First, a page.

This one-year degree is designed for students who already hold a first degree (BA or BSc) in Forensic Anthropology or a related subject, and is intended to provide advanced training in subject areas which are germane to current professional requirements, but which are not available collectively at any other institution in the world.
Why study Anatomy & Advanced Forensic Anthropology at Dundee?
Forensic anthropology is the analysis of human remains for the medico-legal purpose of establishing identity. The discipline has adopted a pivotal role in UK and International investigations in cases of inter-personal violence and homicide, repatriation, mass disasters and war crimes.
Recent mass fatality incidents have highlighted the requirement for national and international disaster victim identification (DVI) capability, and cemented the forensic anthropologist’s role as a significant component within the multi-disciplinary response facility.
Traditionally the forensic anthropologist has dealt with human skeletal remains resulting from unexplained deaths; this professional definition is unrealistically restrictive given the multi-disciplinary nature of the demands of human identification in the twenty-first century. In particular there is a significant requirement for anatomically-trained forensic anthropologists who are competent in dealing with both soft and hard tissues in order to fulfil the requirements of DVI deployment.
Centre for Anatomy and Human Identification
This course is taught within the Centre for Anatomy and Human Identfication (CAHID) and is located in the Medical Sciences Institute at the University of Dundee, Scotland.
Prof Sue Black heads the Centre, she was awarded an OBE for her International Human Identification work from mass graves and co-authored Developmental Juvenile Osteology and The Juvenile Skeleton.
The award-winning staff of this Centre are amongst the most experienced in the UK in the fields of human identification, forensic anthropology, craniofacial identification and the study of the human body.
The core remit of the Centre is the study of anatomy. The Centre delivers high quality anatomy teaching at all levels, via whole body dissection which allows students to develop a sound knowledge of the human body. The Centre relies on the generosity of donors for the ability to teach students to the highest standard possible.
The Centre was awarded a prestigious Queen's Anniversary Prize for Higher Education in November 2013. Presented in recognition of 'world class excellence', the Queen’s Anniversary Prizes are among the
Aims of the Programme
The aim of this programme is to provide training in anatomically-based forensic anthropology, and specifically to provide advanced training in musculoskeletal anatomy, juvenile osteology, comparative forensic osteology and DVI training.
What you will study
This is a one year full time taught Masters programme in which all modules are compulsory. The research dissertation can be in the form of original laboratory research in an area pertinent to anatomy and forensic anthropology.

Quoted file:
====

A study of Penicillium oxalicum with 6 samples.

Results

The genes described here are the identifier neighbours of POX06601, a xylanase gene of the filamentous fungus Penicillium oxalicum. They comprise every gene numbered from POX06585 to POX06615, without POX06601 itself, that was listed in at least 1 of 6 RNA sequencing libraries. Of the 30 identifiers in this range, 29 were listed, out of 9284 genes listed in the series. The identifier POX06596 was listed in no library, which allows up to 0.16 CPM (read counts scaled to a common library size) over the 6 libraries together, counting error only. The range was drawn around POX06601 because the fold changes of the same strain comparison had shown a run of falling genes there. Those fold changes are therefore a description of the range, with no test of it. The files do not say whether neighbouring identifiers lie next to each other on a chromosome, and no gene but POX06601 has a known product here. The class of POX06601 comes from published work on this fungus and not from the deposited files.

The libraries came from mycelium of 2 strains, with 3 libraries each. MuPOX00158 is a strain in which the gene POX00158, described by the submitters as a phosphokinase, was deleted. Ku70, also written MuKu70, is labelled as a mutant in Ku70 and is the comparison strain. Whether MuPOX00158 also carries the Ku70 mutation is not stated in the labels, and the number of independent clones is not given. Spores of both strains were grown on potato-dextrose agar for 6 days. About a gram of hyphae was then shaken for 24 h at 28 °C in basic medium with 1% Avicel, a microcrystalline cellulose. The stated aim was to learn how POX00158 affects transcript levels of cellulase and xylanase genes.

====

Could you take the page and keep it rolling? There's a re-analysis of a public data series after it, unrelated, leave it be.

Human Gross Anatomy (Semesters 1 & 2):
Provides the opportunity to conduct whole body dissection, with particular emphasis on functional and musculoskeletal anatomy
Exposure to human form and function with direct relevance to the identification process
Only institution in the UK offering the opportunity to dissect cadavers which have been embalmed using the Thiel soft-fix method, which provides life-like preservation of the soft tissues.
Developmental Juvenile Osteology (Semester 1):
Focuses on the development of the human juvenile skeleton as a means to understanding adult skeletal form
Through practical examination, each bone of the body will be studied from its embryological origin, through key developmental milestones, until the attainment of its adult form
Practical sessions will focus on the unique Scheuer collection of juvenile skeletal remains.
Forensic Anthropology as Expert Evidence
Covering the more specialised skills including forensic anatomy, trauma analysis and age estimation in the living this module will cover the skills required to present your analyses in a court of law.
Disaster Victim Identification (DVI) training (Semesters 1 & 2):
Provides a thorough understanding of the DVI process in the UK and abroad
Developed by experienced practitioners, it is based on the National DVI Training course for the UK DVI team
Delivers a robust theoretical underpinning for anyone undertaking DVI work on a practical basis.
MSc Research Project (Semester 3):
Students will undertake an advanced level practical project supervised by a research-active practitioner
CAHID staff have significant experience in many areas of forensic human identification, including juvenile osteology, facial anthropology, facial reconstruction, age assessment in the living and dead, analysis of sexual dimorphism and ancestry, soft tissue biometric systems, human provenance, skeletal pathology and trauma, and virtual anthropology
How you will be assessed
A variety of assessment methods will be employed including practical spot exams, online assessment and traditional essay based examination.
There is a significant requirement for anatomically-trained forensic anthropologists who are competent in dealing with both soft and hard tissues in order to fulfill the requirements of DVI deployment. This degree will train individuals to be competent in specialist areas of anatomy and forensic anthropology.